What is the Law on Arson in South Dakota and What are the Punishments for It?
Fire can happen in a home, building, or property due to many reasons. A short circuit, a gas leakage, or any other such accident can cause a fire. This can be devastating if quick and immediate action is not taken. Fire can burn down the entire property.
When the fire is set deliberately with the intention of causing property destruction, then it is called arson. There are various aspects related to arson that is defined in the laws. The laws related to Arson in the state of South Dakota is explained in this article.
Arson in South Dakota
In the state of South Dakota, the South Dakota Codified Laws Title 22 Crime, Chapter 33 deals with Arson. In the state of South Dakota, the act of arson is classified as a first degree and second-degree arson. This classification is done based on the severity of the crime.
First-degree arson in the state of South Dakota is defined as follows. A person who starts a fire or causes with an explosion with the intent to destroy any occupied structure of another is guilty of first-degree arson. This is a serious offense as it involves the intent to destroy a structure that is occupied.
This can lead to casualties if any of the people in the structure are caught in the fire. As per this law, starting a fire is the crime or causing an explosion. Here, the intent is to destroy a structure that is occupied and belongs to someone else.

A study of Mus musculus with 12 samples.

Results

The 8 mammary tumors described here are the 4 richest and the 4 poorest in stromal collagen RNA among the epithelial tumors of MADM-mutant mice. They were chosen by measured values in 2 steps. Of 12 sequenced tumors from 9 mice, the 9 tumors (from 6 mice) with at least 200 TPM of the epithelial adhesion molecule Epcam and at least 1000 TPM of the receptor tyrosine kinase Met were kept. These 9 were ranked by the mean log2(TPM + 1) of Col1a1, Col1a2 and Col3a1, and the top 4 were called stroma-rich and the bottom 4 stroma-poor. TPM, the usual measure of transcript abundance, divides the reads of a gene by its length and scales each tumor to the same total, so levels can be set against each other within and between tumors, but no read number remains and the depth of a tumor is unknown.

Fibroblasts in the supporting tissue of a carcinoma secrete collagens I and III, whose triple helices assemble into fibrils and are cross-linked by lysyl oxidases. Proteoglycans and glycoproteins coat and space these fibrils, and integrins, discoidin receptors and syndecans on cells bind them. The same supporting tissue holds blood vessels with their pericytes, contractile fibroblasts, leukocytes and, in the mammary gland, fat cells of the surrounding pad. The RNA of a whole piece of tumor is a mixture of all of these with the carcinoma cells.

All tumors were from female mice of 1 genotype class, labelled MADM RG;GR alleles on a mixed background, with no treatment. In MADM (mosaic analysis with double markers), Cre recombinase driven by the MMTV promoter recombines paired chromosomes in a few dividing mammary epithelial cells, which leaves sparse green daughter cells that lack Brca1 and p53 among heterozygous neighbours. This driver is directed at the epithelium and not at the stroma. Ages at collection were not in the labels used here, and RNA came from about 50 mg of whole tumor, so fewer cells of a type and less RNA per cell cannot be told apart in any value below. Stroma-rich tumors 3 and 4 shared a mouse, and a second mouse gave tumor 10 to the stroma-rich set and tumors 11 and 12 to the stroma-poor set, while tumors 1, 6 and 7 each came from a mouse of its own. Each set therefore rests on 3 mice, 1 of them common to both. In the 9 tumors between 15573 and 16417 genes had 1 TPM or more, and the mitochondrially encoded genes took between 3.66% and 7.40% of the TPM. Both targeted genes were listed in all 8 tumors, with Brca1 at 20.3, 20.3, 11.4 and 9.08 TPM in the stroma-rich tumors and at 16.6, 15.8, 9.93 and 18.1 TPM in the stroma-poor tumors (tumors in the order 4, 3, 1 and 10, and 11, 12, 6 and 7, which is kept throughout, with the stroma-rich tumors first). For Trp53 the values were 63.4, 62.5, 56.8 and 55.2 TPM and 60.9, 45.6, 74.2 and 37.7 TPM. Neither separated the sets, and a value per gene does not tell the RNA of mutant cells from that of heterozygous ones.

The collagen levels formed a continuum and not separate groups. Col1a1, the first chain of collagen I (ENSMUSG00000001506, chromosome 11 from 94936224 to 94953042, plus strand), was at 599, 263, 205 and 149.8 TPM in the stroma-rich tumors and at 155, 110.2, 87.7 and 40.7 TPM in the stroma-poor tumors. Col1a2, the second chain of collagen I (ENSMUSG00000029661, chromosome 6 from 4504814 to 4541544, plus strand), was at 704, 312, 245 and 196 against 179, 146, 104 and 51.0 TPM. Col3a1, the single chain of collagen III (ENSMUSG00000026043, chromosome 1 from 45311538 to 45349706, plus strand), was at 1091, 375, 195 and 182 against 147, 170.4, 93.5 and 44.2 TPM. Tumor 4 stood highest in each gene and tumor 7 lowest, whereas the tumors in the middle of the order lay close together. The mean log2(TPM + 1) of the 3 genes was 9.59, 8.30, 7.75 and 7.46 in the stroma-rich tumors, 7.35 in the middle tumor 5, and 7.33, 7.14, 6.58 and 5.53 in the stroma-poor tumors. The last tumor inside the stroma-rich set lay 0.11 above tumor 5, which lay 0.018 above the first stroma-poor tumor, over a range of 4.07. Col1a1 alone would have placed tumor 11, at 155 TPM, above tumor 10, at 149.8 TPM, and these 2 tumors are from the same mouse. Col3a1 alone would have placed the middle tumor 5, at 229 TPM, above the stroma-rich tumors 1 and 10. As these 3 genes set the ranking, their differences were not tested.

Second-degree arson would be the charge when a person starts a fire or causes an explosion with the intent to destroy a structure that is not occupied belonging to someone else, or destroying or damaging property belonging to another or the person’s own to collect insurance.
So, as we can see setting fire to one’s own property to get insurance, which is a common fraud is considered as second-degree arson. Also setting fire or causing an explosion to damage a building or house that is not occupied is also second-degree arson.
Recklessly causing a fire or an explosion on own property on another’s that leads to injury or a risk to someone, or places a building in the risk of damage or destruction is a felony under the law. Even if not done with the intent of destroying, when done due to reckless behaviour it is a crime.
When a person starts a fire and it goes out of control and if the person does not report the fire, it would be a misdemeanor. Also not taking reasonable measures to control fire would be considered a misdemeanor.
Setting an object or material to fire intentionally or without authorization knowing that there is someone there is considered as a felony.
Punishment under the law
Arson of the first degree is a serious offense and is considered a Class 2 felony. A conviction would lead to imprisonment for up to 25 years in prison and fines of up to $50,000.
Arson of the second degree as well as recklessly causing a fire are both considered a Class 4 felony. A conviction would lead to imprisonment for up to 10 years in prison and fines of up to $20,000.
Failure to control or report a dangerous fire is a Class 1 misdemeanor. The conviction would lead to imprisonment for up to one year and a fine of up to $2,000.
Setting something on fire intentionally is a Class 6 felony. A conviction would result in imprisonment for up to 2 years and a fine of up to $4,000.